The director added, “We do take into account economically depressed areas.” If IEDC is unable to help with a project, he can find other resources. “We don’t tell communities what to do. It’s up to them to come up with a strategic plan.”
A commercial site’s location is critical. The Jennings County resident reported, “Probably the busiest area we have is along I-65 … a major artery. A lot of businesses want to locate within five miles of an interstate.”
The director said he’s “really trying to develop the I-74 corridor between Shelbyville and Cincinnati. We think there are a lot of possibilities there.” Pointing to the corridor on a map of 2013 projects, he said, “There are not a whole lot of dots there, but there’s a lot of land out there” that possibly could be developed.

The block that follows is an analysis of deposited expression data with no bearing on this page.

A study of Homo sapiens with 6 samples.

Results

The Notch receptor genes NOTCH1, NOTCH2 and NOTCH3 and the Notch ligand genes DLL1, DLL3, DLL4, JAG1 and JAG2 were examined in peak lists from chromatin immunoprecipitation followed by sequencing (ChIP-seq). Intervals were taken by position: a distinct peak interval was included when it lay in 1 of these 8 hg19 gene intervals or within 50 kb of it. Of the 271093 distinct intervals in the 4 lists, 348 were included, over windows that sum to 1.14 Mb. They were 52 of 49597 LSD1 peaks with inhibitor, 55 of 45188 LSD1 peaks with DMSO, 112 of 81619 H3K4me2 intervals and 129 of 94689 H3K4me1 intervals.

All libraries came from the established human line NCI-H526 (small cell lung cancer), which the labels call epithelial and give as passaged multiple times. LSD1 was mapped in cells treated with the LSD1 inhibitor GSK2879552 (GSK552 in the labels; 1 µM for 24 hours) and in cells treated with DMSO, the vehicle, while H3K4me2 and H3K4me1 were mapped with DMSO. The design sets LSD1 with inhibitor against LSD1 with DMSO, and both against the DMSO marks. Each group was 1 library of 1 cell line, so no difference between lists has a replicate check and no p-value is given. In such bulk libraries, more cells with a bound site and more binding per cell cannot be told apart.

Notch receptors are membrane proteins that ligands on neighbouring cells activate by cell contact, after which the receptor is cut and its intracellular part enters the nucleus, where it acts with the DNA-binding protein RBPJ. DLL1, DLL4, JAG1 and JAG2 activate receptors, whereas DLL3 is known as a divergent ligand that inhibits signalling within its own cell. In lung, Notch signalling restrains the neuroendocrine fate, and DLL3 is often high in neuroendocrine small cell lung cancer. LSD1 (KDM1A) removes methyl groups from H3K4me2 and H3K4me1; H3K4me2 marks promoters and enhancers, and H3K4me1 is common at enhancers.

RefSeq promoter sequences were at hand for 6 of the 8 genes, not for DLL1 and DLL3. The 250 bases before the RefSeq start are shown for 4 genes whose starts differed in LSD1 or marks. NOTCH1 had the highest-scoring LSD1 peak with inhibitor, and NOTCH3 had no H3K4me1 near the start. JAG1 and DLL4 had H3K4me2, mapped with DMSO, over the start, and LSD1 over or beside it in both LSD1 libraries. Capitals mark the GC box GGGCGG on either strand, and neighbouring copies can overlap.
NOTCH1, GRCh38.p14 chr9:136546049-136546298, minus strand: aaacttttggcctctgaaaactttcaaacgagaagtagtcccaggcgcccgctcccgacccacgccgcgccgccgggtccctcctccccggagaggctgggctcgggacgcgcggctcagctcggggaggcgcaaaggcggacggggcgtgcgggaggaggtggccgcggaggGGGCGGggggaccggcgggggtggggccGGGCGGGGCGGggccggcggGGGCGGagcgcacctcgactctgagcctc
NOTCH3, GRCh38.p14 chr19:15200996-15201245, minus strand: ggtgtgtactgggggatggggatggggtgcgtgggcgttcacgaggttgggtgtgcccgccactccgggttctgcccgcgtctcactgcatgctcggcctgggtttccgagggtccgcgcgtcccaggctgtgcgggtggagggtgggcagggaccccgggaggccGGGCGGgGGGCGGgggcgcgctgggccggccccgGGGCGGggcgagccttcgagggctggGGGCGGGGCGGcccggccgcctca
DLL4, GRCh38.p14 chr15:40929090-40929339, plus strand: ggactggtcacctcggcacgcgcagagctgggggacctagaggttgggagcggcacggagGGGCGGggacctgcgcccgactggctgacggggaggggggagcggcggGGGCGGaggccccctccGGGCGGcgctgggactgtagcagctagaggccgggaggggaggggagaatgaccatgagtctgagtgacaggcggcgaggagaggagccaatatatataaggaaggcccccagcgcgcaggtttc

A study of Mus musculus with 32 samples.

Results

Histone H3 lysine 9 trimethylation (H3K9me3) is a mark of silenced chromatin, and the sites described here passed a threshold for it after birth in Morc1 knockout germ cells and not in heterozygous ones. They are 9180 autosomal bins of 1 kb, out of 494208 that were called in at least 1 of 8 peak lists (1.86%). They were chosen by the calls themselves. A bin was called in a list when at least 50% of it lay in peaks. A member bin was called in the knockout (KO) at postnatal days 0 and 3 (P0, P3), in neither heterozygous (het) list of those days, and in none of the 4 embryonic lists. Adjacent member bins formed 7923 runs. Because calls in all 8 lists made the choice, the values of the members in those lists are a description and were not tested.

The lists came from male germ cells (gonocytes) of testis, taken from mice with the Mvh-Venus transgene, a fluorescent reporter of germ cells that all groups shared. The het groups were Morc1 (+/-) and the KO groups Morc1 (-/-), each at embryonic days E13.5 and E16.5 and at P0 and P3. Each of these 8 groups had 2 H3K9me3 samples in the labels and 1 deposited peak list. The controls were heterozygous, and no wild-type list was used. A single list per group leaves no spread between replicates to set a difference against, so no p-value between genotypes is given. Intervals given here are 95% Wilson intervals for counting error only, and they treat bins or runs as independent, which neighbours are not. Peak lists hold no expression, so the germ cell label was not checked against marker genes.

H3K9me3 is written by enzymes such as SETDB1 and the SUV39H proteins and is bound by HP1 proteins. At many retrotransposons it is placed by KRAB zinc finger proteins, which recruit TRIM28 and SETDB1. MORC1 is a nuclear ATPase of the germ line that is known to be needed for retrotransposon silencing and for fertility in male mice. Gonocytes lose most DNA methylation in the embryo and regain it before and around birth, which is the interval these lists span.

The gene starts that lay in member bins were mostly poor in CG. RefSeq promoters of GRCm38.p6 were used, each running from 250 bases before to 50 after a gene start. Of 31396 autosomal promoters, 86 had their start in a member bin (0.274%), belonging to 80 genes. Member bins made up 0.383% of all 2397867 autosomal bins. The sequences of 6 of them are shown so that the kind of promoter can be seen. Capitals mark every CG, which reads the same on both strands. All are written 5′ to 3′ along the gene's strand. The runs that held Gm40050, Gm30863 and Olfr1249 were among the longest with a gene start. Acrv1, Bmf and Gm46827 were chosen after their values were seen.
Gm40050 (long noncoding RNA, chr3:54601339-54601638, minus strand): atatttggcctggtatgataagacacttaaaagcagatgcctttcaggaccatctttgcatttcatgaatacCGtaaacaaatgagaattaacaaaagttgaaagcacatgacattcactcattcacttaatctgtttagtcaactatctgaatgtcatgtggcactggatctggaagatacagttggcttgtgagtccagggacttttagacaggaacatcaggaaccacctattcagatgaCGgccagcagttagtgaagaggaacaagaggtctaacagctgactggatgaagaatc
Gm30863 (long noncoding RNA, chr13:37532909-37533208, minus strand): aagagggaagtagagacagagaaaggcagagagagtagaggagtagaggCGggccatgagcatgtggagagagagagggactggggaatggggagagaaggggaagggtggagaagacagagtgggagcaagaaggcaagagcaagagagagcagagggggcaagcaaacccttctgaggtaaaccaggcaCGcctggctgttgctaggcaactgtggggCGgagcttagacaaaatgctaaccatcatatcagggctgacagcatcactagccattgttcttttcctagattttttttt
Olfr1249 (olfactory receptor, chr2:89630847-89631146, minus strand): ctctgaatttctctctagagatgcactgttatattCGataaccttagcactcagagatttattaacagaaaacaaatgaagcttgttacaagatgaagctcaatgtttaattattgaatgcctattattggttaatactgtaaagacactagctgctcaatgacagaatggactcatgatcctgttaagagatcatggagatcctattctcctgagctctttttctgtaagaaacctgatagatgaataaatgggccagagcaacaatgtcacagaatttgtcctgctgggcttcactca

During the last two weeks, he called on site consultants in Louisville and Cincinnati. Cincinnati commercial real estate agents can’t work in Indiana unless licensed here. “It’s a commission thing.” Lane will try to address the issue with one of the regional economic development groups.
One drawback to attracting new businesses: “We don’t have a lot of (vacant) buildings in this area,” pointed out the Purdue University graduate. He discussed a recent “great success story” in the county, Uni-Ref. When Lane got involved, one of the company leaders already had looked at the former J&J building in Brookvillle. He asked the director about incentives. Lane called former FCEDC member Hans Beck and “we came up with a plan” of local and state incentives. “Thanks to you guys, we got that huge building off the market.”
Because the FCEDC members have little experience, Lane recommended talking to effective economic leaders, such as the private Clark-Floyd organization. He said most economic development groups are public-private partnerships. The only public director he knows of is in Batesville (Mayor Rick Fledderman). “Call them, research their Web sites” to learn best practices.